When preparing to sell your home, the first thing to do is make it presentable. This means giving the entire house a thorough cleaning and making small repairs.
Mop the floors, scrub the bathrooms, and get rid of all the grime in the kitchen.
Little things like patching holes in the wall, changing burned-out lightbulbs, and repairing broken appliances can make your place stand out in a crowded market.
And don’t forget about paint — returning the walls to a neutral color can help your house sell quicker. White, creams, and grays can make rooms seem bigger and help potential buyers see themselves living there.
If you’re not moving out before listing your home, you’ll also need to depersonalize and declutter.
Put away your family photos, knick-knacks, and other personal items. You may need to rent a storage unit if you don’t have a place to put them all.
On average, a house takes between 55 and 70 days to sell. That includes 25 days on the market and 30 to 45 days for closing.
The exact time it takes to sell a home depends on a few things, including:
The longer your home is on the market, the more money you lose. You’ll still have to pay your mortgage, taxes, and utilities until the buyer officially closes.
To avoid this, there are some things you can do to help your home sell faster.
You can make impactful repairs, like adding new carpet or painting the interior. However, if it’s a seller’s market and homes are selling quickly, you might not need to make these repairs.
You can also set a competitive price with the help of a top real estate agent.
Clever Real Estate’s partner agents sell homes faster than the national average with lower commission fees.
The first step in deciding your home’s list price is to get a comparative market analysis (CMA).
You can do this yourself, but most people get their real estate agent to do it.
Here’s how a CMA works. Your agent will find similar homes in your neighborhood that have the same square footage, number of bedrooms, and number of bathrooms.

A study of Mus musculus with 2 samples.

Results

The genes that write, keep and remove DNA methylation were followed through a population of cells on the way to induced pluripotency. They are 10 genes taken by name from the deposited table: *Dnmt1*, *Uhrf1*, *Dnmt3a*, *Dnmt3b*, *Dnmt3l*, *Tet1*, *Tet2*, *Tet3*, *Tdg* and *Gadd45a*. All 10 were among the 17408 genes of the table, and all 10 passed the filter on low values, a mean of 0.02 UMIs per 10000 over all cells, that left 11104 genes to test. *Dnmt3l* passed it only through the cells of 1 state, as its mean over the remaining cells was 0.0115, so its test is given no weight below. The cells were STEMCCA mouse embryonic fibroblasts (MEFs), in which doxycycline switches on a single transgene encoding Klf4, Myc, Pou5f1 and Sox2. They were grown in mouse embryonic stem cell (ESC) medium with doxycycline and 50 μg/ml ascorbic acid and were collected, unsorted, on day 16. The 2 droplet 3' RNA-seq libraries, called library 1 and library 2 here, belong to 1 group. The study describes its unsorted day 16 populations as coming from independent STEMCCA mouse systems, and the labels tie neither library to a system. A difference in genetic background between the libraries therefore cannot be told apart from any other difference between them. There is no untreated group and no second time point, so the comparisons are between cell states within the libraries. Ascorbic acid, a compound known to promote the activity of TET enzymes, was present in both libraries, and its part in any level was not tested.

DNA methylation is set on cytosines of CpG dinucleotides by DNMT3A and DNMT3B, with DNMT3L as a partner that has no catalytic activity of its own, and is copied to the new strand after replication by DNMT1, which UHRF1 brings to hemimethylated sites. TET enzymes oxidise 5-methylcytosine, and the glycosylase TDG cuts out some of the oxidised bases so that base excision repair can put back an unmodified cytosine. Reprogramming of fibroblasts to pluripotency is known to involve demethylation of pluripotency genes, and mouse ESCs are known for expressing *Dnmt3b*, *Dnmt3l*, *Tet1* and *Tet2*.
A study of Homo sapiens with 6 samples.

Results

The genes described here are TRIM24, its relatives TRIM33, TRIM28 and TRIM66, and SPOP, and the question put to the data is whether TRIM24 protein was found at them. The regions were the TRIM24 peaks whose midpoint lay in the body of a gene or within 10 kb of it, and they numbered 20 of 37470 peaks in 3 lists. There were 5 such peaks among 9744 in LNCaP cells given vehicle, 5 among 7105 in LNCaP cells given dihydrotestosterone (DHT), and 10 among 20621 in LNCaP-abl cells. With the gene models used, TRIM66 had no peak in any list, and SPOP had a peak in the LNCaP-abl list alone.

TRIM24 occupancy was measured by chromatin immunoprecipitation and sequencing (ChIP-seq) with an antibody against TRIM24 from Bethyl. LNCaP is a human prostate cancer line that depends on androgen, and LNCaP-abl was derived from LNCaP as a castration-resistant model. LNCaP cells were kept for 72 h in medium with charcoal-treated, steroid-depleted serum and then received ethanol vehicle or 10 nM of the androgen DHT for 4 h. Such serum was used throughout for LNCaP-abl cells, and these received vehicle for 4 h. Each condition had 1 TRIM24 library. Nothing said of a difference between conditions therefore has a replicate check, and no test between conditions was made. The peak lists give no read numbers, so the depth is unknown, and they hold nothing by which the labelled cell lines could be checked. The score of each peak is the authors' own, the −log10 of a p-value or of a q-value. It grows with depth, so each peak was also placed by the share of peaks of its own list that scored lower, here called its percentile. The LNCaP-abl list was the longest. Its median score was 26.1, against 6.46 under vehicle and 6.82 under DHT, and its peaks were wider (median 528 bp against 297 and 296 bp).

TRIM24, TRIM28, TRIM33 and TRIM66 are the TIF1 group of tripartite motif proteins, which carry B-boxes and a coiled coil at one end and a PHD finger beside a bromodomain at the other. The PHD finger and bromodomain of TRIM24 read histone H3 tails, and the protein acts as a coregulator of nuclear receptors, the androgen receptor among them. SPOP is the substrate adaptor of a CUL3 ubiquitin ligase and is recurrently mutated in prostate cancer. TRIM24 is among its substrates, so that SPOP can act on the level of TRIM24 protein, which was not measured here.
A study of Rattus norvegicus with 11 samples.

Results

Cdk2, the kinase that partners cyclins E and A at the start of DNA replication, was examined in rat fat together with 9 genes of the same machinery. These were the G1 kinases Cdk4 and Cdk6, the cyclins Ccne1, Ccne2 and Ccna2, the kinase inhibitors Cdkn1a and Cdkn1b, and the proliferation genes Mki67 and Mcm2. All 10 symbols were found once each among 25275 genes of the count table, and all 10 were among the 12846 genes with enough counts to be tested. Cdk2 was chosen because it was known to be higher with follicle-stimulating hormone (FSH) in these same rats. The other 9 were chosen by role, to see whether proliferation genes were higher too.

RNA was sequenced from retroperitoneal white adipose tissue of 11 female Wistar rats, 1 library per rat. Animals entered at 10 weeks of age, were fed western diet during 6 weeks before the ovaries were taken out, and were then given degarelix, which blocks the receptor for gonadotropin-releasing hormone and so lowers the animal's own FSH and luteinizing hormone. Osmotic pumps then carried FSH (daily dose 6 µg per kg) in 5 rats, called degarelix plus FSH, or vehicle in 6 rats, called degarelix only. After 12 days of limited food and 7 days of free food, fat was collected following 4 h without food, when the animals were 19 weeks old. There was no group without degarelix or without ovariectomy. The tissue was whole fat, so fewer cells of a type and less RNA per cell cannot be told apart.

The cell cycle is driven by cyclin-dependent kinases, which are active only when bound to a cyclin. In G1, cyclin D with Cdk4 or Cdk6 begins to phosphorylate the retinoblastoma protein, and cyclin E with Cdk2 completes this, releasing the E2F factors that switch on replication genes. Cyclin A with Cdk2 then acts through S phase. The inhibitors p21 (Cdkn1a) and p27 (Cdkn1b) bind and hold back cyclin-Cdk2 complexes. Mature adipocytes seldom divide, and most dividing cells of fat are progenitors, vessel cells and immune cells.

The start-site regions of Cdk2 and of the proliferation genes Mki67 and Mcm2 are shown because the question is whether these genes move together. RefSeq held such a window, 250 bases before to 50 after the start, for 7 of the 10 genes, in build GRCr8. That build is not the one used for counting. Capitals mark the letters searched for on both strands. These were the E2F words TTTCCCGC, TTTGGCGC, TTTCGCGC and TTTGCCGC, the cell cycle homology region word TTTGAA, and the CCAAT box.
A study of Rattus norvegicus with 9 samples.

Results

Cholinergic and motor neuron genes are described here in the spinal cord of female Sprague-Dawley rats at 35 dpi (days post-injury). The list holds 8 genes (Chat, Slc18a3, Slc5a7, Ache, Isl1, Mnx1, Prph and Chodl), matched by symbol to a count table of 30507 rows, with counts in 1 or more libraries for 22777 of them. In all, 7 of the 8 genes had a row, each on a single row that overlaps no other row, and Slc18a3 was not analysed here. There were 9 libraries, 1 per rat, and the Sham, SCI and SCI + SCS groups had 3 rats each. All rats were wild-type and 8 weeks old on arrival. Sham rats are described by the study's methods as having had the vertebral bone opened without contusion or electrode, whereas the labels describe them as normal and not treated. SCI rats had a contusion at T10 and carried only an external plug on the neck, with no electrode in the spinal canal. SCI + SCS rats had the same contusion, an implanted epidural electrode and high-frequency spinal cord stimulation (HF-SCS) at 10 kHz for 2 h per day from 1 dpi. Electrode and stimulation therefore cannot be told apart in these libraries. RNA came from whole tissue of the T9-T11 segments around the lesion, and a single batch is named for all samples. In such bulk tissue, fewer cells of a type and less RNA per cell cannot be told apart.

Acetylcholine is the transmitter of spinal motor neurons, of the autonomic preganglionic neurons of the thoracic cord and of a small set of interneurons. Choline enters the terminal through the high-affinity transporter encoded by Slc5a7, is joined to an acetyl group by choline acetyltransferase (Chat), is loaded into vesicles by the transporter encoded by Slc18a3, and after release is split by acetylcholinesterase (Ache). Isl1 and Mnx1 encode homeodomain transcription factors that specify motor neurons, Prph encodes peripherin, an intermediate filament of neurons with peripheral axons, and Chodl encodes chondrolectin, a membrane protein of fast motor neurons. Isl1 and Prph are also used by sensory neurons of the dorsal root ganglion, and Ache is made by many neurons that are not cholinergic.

They’ll see what these homes recently sold for or are listed for, and use this as a starting point for your own list price.
Some agents are willing to perform a CMA without you committing to selling your house through them. However, be prepared for a hard sell.
A great agent will be an expert in their local neighborhoods, so they’ll be able to price your home in the sweet spot.
If you’re just curious and don’t want to spark up a conversation with an agent, you can also use an online valuation calculator.
This might give you a ballpark figure based on cumulative data. Keep in mind, these aren’t always 100% accurate.
If you are definitely not using an agent and are going the for-sale-by-owner (FSBO) route, consider a professional appraisal.
An appraiser is an expert at pricing homes and can use their extensive knowledge to pinpoint an accurate list price.
Research shows that home sales in May, June, July, and August account for 40% of total annual sales volume.
Overall, home sales are still pretty good through early fall, so it wouldn’t be a bad idea to sell a home during this period, either.
However, home sales drop once winter hits. January is the worst time to sell a home, as market activity is much lower.
Take a look at the number of homes sold per month in 2018 to get a better idea of when to sell your home.
If the buyer is just taking out a conventional loan, you’ll probably only need to fix major structural issues that put the value of the house at risk, such as foundation cracks or a deteriorating roof.
For a Federal Housing Administration (FHA) loan, you’ll need to make a lot more repairs.
These required repairs might include things like:
Patching up peeling paint
Concealing any exposed wiring
Fixing broken gutters
Installing missing handrails on stairs
This list is more extensive because an FHA loan is provided to low-income homebuyers who may not have extra money to cover repairs on their own.
States and banks can also set their own requirements, so always check your local regulations.
A real estate agent has an in-depth knowledge of the area and how your home compares to others on the market.
They’ll have a good idea of how much you can get for your home and ways you can improve its value.
When it’s time to list, they’ll make sure your home’s priced just right, helping to maximize your offers and sell your home faster. They’ll also take care of all the paperwork, market your home, and coordinate open houses.
Real estate agents aren’t just helpful during the listing process, though. They offer a network of professionals throughout the entire selling journey.
You’ll have connections for everyone you need, whether that’s a closing agent or quality listing photographer.